The Last Cigarette


The afternoon heat bounced off the faded brick building. Air conditioners dangled from shallow windows shielded by grizzled blinds. He sat on a bench, twirling a cigarette between his fingers, watching tourists ooze along the street. The tangy scent of sunscreen tainted with baked rubbish drifted on the air.

A young kid approached him. “Hey, can I bum a cigarette off you?”

“Sorry kid. This is my last.”

“Yeah, whatever.” The kid flipped him the bird and sauntered off.

He tucked the cigarette inside his shirt pocket, his fingers grazing the hard steel of his gun. It might be a while before Charlene returned. He went to a small bistro and sat on the patio with a cold beer. The liquid soothed his throat, chasing away the desire for a smoke. He watched a slim woman in red stroll by – something about the way she moved looked familiar. Charlene’s face replaced her image reminding him he still had some business to finish.

It was close to sunset when she appeared, strutting down the narrow sidewalk, smoking a cigarette, the scent of stale wine trailing behind her. He spotted a satisfied smile on her face and pitied the poor schmuck whose bank account was now empty in the wake of her existence.

He leaned against a tree outside her building, watching her paw through an oversized bag. Her throaty voice cursed at forgetting her keys. She flopped down on the front stoop and looked across at him, watching a cigarette dance in his hand. “Hey”, she called. “You need a light?”

“Yeah. You got one?”

“Sure.” She slid down the stairs towards him. “Do I know you?”


“You look familiar.”

“I get that a lot”.

She flipped open an elegant silver lighter. He leaned in towards her, watching the end of his cigarette flare up. They inhaled in silence for a few moments. “Care for a friendly drink?” he asked.

She flicked some ash to the ground. “Maybe. What’s the catch?”

“No catch. Consider it a thank you for the light.”

“Okay. But I pick the place.”

He followed her to a small bar lit with anaemic candles. She led him to a dark table in the back of the room.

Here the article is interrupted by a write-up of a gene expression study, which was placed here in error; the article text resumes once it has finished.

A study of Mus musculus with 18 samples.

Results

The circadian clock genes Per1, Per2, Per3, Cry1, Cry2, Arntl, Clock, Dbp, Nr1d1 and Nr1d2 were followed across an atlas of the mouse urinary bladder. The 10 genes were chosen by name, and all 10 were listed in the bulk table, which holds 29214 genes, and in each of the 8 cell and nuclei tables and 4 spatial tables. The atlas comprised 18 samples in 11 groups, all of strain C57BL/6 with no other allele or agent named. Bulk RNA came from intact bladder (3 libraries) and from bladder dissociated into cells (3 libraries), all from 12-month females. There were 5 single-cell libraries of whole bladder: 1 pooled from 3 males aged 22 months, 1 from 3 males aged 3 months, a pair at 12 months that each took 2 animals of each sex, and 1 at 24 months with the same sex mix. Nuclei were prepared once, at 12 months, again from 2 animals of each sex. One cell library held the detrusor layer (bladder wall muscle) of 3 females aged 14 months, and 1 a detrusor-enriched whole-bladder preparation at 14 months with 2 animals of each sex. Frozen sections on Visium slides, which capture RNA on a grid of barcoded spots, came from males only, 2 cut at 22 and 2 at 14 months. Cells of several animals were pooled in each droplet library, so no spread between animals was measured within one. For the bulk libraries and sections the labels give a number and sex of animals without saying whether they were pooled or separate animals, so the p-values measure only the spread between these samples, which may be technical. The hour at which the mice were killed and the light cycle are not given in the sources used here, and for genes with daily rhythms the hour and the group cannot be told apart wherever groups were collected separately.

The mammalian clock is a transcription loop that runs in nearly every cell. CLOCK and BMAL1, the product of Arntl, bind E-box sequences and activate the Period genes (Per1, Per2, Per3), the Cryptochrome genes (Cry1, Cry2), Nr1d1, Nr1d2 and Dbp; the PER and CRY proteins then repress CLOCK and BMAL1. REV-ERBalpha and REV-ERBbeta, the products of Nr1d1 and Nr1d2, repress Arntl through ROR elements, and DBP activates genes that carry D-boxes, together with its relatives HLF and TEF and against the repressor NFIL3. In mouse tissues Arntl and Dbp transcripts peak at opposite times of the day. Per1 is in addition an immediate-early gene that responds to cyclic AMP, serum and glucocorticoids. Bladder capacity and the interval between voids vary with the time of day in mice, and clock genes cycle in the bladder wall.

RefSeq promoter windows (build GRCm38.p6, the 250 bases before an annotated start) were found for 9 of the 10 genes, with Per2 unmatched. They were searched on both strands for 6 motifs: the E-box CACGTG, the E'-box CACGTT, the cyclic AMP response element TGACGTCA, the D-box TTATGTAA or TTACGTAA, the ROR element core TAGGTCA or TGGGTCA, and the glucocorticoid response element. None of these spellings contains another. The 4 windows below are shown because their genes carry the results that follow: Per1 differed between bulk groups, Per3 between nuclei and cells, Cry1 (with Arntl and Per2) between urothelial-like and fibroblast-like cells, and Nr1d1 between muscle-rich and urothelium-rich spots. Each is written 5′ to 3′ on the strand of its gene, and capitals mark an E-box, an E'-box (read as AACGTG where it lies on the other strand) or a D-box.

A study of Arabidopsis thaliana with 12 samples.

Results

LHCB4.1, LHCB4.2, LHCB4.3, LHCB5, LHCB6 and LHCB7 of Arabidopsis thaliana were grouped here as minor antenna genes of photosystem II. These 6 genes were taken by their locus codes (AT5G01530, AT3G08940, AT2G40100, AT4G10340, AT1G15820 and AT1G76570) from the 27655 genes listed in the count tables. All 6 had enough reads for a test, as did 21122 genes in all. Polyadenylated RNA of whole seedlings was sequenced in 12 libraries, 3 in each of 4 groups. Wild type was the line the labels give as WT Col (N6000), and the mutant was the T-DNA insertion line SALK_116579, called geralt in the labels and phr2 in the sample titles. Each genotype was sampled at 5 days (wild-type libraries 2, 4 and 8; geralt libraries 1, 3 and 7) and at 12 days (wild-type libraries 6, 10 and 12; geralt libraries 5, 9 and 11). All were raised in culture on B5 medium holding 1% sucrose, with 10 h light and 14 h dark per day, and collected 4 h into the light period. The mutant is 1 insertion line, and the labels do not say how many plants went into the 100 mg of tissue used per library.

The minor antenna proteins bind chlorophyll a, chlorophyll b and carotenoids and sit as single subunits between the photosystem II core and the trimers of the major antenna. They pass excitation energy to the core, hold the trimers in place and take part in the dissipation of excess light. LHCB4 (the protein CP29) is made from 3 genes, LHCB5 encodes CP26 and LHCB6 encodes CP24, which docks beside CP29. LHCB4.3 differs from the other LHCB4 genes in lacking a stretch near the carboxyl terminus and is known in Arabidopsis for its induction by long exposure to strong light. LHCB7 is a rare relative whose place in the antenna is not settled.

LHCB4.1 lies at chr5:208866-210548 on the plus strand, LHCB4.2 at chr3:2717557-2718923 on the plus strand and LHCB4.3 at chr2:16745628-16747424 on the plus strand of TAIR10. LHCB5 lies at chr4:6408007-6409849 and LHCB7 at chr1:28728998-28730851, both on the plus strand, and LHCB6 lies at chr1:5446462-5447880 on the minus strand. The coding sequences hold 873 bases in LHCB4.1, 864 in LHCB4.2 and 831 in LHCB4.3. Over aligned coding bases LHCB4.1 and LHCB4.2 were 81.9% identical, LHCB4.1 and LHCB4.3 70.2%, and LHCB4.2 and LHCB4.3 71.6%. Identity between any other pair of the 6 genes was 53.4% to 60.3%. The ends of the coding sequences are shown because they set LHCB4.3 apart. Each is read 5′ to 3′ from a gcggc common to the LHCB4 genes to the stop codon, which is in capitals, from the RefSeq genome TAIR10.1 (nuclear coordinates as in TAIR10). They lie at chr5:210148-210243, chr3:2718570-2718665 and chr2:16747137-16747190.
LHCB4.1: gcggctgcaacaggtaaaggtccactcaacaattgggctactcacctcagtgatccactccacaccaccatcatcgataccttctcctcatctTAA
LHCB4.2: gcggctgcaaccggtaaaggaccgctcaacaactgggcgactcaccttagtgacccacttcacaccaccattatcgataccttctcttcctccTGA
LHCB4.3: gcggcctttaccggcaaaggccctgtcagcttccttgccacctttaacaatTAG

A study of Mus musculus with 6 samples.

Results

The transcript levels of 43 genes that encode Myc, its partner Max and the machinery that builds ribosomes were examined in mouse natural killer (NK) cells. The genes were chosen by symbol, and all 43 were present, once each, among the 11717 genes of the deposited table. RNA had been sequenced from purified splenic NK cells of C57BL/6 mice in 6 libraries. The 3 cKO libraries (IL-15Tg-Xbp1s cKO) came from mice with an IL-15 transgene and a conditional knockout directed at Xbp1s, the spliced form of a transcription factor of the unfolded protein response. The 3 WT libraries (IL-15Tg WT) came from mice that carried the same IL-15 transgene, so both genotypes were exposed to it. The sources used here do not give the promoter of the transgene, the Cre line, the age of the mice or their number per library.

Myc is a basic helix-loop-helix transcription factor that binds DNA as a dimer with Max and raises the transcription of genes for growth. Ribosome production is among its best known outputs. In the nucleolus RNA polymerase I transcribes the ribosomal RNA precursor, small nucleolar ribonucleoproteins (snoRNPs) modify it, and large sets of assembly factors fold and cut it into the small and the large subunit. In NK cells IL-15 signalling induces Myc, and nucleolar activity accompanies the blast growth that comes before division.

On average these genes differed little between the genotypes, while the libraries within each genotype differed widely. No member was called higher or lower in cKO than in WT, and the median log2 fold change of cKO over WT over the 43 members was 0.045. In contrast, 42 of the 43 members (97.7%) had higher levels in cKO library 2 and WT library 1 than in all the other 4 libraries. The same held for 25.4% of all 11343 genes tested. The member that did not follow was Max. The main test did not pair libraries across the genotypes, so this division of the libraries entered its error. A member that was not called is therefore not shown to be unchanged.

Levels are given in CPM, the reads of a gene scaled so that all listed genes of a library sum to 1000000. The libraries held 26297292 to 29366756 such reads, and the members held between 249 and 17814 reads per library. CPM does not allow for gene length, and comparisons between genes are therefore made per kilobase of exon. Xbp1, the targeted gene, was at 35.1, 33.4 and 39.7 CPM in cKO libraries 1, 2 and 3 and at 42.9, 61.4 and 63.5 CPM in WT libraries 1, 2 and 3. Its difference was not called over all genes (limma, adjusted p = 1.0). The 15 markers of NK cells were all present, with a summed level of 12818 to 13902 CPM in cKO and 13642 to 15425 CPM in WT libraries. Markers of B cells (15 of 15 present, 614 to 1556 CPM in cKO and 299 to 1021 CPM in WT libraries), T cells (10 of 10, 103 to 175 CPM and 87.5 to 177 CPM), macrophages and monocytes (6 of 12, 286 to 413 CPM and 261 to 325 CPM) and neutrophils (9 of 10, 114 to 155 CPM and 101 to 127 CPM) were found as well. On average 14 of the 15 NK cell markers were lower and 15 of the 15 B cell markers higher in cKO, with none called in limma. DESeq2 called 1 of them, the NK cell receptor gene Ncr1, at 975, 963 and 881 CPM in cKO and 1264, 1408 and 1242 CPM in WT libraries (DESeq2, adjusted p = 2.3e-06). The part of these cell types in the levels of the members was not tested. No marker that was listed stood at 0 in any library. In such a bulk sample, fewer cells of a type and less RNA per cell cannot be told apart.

“What’s your poison?” she asked.

“Vodka tonic.”

“Be right back.”

His cell phone vibrated. A message flashed across the screen. He typed back: Stay close.

Charlene returned with two drinks in hand. “So…got a name?”


“I’m Charlene. You live around here Ray?”

“Nope, just visiting. Business.”

“Is it worth a lot…this business?”


“Are you married?”


“Got a girl?”



He chuckled. “No”.

“Must get lonely.”

“I do alright.”

“Well Ray…maybe we can hook up while you’re here. Interested?”


Charlene slid her tongue over the edge of her martini glass. He watched her with a reserved civility. She put the glass down, and slid one hand over her thigh towards her ankle, offering him a slick smile. “I’ll be real good to you.”

He gestured towards the door. “Why don’t we discuss it on the way to my place?”

The streets were doused in the flaming color of dusk. He hailed a green cab and whispered some instructions to the driver. Dense traffic turned a forty minute drive into an hour. He tolerated her frivolous talk about money and sex.

The cab pulled up to an abandoned dock along the riverbank. Charlene stumbled out of the back passenger door, drinking from a polished flask. “Thought we were going to your place.”

He didn’t answer.

“Oh…I get it…Stopping for a little deal first, huh?” She took another swig from the flask.

He signalled to the driver and the cab drove a few feet away. Reaching inside his coat, he pulled out his gun, aimed and fired, watching the force of impact fling her body backwards onto the pavement. A stream of blood pooled into a small divot in the road.

He walked up to the cab and leaned in through the driver’s window, pulling another cigarette from his jacket. “Got a light?”

The driver pulled out a silver lighter. “Thought you quit.”

“This is my last one.”

~ fin ~

J.G. Chayko is a writer from Vancouver B.C. who has published poetry, fiction and creative non-fiction. She started writing as a child, crafting poems for her great-grandmother who predicted that she would become a writer. It was providential that her first published piece was crafted from a memory of her great-grandmother’s farmhouse. She likes to weave the darkness and light of life into her projects. She is the author of a popular blog called The Old Lady in My Bones, a series of stories based on her experiences living with Rheumatoid Arthritis. She has been invited regularly to guest blog on other websites. In addition to writing short stories and poetry, she is currently working on a novel.